EFL Youth Development Week | The Process Behind the Academy's Youth Development Phase
As part of EFL Youth Development Week, Matthew Layton - Swansea City academy coach and head of youth development phase - discusses the process and importance of player development in the club's pathway system.
According to recent research, during the 2021-22 EFL season some 209 debuts were made by academy players at the clubs where they had been developed.
Remarkably, some 81% of players named on EFL team sheets in the 2021-22 season were home grown players.
Swansea City has long had a reputation for developing and blooding young talent, and a quick walk through the corridors of the academy's Landore base - laden with pictures of those who have come off the Swans production line - is testament to the calibre of player produced in SA1.
Further proof of the success of the work of the academy came when Wales coach Rob Page named his 26-man World Cup squad last week.
Current Swansea Joe Allen and Ben Cabango were named in the squad for Qatar, with Ollie Cooper added as a travelling standby.
But, in addition to that trio, there are also four other players in the party who have come through the Swansea City academy pathway.
Connor Roberts, Joe Rodon, Ben Davies and Daniel James all spent time in the Swans pathway system at Landore meaning that nearly a quarter of Rob Page’s final selection are Swansea City products.
Meanwhile, more than 15 youth players have been selected by Wales so far this season at under-15 or under-16 level, from the Victory Shield in Ireland to training camps in Spain and France.
Swansea's head of youth development phase, Matthew Layton, oversees the under-13 to under-16 games programme, as well as managing the implementation of the academy coaching curriculum.
The incredible hard work from those at this level in the club's academy has played a vital role in developing players such as Ollie Cooper, Cameron Congreve, Liam Cullen and Brandon Cooper, who have all featured at senior level over the last few seasons.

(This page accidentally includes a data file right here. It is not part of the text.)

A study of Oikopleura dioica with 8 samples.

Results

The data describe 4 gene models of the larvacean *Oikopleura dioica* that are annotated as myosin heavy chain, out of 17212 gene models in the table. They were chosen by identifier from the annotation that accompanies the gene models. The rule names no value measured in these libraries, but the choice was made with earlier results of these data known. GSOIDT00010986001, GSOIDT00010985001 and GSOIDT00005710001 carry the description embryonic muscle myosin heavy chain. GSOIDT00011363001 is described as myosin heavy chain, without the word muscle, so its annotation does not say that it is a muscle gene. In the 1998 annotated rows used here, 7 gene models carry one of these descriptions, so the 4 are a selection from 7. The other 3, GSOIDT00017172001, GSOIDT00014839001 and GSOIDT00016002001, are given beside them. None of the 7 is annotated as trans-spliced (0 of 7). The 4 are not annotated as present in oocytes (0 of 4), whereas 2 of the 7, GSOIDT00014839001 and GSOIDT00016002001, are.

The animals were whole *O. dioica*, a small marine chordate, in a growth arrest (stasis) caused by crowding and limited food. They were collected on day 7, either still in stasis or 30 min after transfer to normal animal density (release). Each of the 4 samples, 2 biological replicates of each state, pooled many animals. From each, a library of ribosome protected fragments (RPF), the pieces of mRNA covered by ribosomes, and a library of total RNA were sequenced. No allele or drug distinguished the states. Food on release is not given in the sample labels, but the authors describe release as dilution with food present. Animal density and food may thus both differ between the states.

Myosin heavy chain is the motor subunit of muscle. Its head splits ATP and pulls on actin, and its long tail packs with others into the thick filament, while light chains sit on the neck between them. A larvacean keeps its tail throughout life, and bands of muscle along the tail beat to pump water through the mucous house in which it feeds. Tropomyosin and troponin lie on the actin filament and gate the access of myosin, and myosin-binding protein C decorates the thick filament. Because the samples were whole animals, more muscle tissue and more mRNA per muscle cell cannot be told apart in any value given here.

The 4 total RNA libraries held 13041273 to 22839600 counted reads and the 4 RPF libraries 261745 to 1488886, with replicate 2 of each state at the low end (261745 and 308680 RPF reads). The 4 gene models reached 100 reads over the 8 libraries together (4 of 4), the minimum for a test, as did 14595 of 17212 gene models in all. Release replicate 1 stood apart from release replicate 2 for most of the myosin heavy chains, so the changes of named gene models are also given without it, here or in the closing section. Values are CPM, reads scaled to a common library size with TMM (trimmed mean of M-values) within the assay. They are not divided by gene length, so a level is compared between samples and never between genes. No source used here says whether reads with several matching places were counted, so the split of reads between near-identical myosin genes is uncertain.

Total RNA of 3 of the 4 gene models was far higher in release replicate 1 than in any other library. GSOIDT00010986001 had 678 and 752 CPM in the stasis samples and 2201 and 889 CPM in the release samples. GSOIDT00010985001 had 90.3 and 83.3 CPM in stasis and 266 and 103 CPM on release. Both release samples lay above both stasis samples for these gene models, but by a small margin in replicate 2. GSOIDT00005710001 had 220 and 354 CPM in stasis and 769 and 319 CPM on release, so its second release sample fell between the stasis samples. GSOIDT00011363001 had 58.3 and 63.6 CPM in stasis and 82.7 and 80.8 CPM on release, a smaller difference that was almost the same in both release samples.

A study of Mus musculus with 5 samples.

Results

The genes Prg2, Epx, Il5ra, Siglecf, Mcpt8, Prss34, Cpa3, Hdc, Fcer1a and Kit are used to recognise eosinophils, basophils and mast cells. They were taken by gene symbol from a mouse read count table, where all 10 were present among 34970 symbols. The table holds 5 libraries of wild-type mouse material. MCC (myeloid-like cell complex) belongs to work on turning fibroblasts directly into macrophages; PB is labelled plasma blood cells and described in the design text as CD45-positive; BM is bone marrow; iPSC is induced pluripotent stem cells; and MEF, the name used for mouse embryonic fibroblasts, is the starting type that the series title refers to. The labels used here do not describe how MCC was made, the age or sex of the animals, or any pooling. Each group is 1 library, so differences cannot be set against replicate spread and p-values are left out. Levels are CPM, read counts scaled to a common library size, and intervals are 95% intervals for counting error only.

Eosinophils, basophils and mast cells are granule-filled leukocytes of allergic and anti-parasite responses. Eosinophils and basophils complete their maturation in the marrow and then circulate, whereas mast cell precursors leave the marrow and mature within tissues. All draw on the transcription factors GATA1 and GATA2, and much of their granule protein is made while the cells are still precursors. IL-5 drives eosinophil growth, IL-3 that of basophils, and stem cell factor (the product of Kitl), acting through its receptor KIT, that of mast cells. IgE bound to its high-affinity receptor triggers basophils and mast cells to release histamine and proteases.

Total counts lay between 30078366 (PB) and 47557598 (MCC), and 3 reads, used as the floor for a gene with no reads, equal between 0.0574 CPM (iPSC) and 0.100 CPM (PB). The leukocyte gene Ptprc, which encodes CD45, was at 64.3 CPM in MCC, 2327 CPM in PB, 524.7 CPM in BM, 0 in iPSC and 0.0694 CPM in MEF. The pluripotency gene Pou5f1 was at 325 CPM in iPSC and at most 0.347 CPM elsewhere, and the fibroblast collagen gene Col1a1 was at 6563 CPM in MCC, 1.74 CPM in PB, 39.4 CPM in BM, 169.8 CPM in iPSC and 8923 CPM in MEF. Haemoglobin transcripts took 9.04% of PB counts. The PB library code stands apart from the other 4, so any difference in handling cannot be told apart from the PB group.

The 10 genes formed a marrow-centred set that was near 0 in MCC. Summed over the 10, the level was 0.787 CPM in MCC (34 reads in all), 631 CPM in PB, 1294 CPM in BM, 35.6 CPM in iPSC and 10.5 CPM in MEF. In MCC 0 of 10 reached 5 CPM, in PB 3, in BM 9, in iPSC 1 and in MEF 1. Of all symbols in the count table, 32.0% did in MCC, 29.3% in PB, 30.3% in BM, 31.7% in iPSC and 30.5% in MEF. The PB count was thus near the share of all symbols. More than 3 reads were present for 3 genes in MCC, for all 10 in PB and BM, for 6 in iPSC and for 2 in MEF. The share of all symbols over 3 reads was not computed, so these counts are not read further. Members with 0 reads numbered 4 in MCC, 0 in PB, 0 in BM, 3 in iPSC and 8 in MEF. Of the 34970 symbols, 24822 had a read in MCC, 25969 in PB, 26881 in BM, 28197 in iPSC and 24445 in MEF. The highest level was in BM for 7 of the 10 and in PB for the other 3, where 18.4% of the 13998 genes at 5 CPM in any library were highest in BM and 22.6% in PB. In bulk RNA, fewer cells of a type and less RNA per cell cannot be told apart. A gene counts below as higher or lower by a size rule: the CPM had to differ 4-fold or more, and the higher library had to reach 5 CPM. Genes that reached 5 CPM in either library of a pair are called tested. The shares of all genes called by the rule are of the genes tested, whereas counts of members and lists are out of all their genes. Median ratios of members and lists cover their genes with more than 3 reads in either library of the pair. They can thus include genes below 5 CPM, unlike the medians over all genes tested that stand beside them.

“The aim of our youth development phase programme is to provide a wide variety of experiences and opportunities for our young players to obtain a wide variety of skills that will meet the demands of their next transition step,” said Layton.
"As part of this process, the academy continues to evolve its individual player development programme. The programme aims to stretch and challenge each player supporting their individual needs at their unique stage of their development pathway.
“Developing an integrated and coherent programme is a challenge, and therefore requires the identification and assessment skills of a full team of specialist staff supporting each players development.
“Ages 13 to 16 are especially critical, as the players undergo their main period of growth during this stage and therefore require considered assessment, measurement and strategy from all the staff.
“With each player's long-term plan and goals in mind, it is important that we work collaboratively as staff to support each player during this period of their journey.
“A key component to this is a varied games programme that is carefully coordinated to meet the individual demands of the game itself, and develop the key skills of each player.
“Introducing a small-sided games format throughout the phase has channelled each player and coach's focus upon the small details around their development.
“For example, this includes their technique, decision-making in different game scenarios, physical competency to perform actions, and their psychological skill set to cope with the different situations that present themselves.
“The key aspect as player developers is to accurately observe, assess and feedback at the right time and in the right way.
“Similarly, for us to maximise our value as a coaching team, the full multi-disciplinary team constantly reviews our processes."
The youth phase games programme has seen much success so far this season. In October, Landore hosted the Premier League Under-13s National Cup Qualifiers, where Swansea City Under-13s secured automatic qualification to the next round after finishing top of their group.
Games against high-calibre opposition are an integral part of the programme. The fixture calendar has seen the young Swans sides such as Manchester United, Chelsea and Tottenham Hotspur.
"We have seen some strong signs of progress this season so far, internally within the academy and also externally with a number of players gaining international recognition across the age groups," Layton added.
"The players have really bought into this process and we feel we can really accelerate their development with the cohesive approach we are implementing between the player, coach and parent.
“As a department we are constantly reviewing each player's progress and reflecting upon our own strategy and interventions with each player to ensure we are appropriately challenging and supporting their needs.
“If we get the process right, and we are patient, the outcome will take care of itself.”
All of which will hopefully mean there are plenty more academy products ready to follow in some illustrious footsteps at club and international level in the months and years ahead.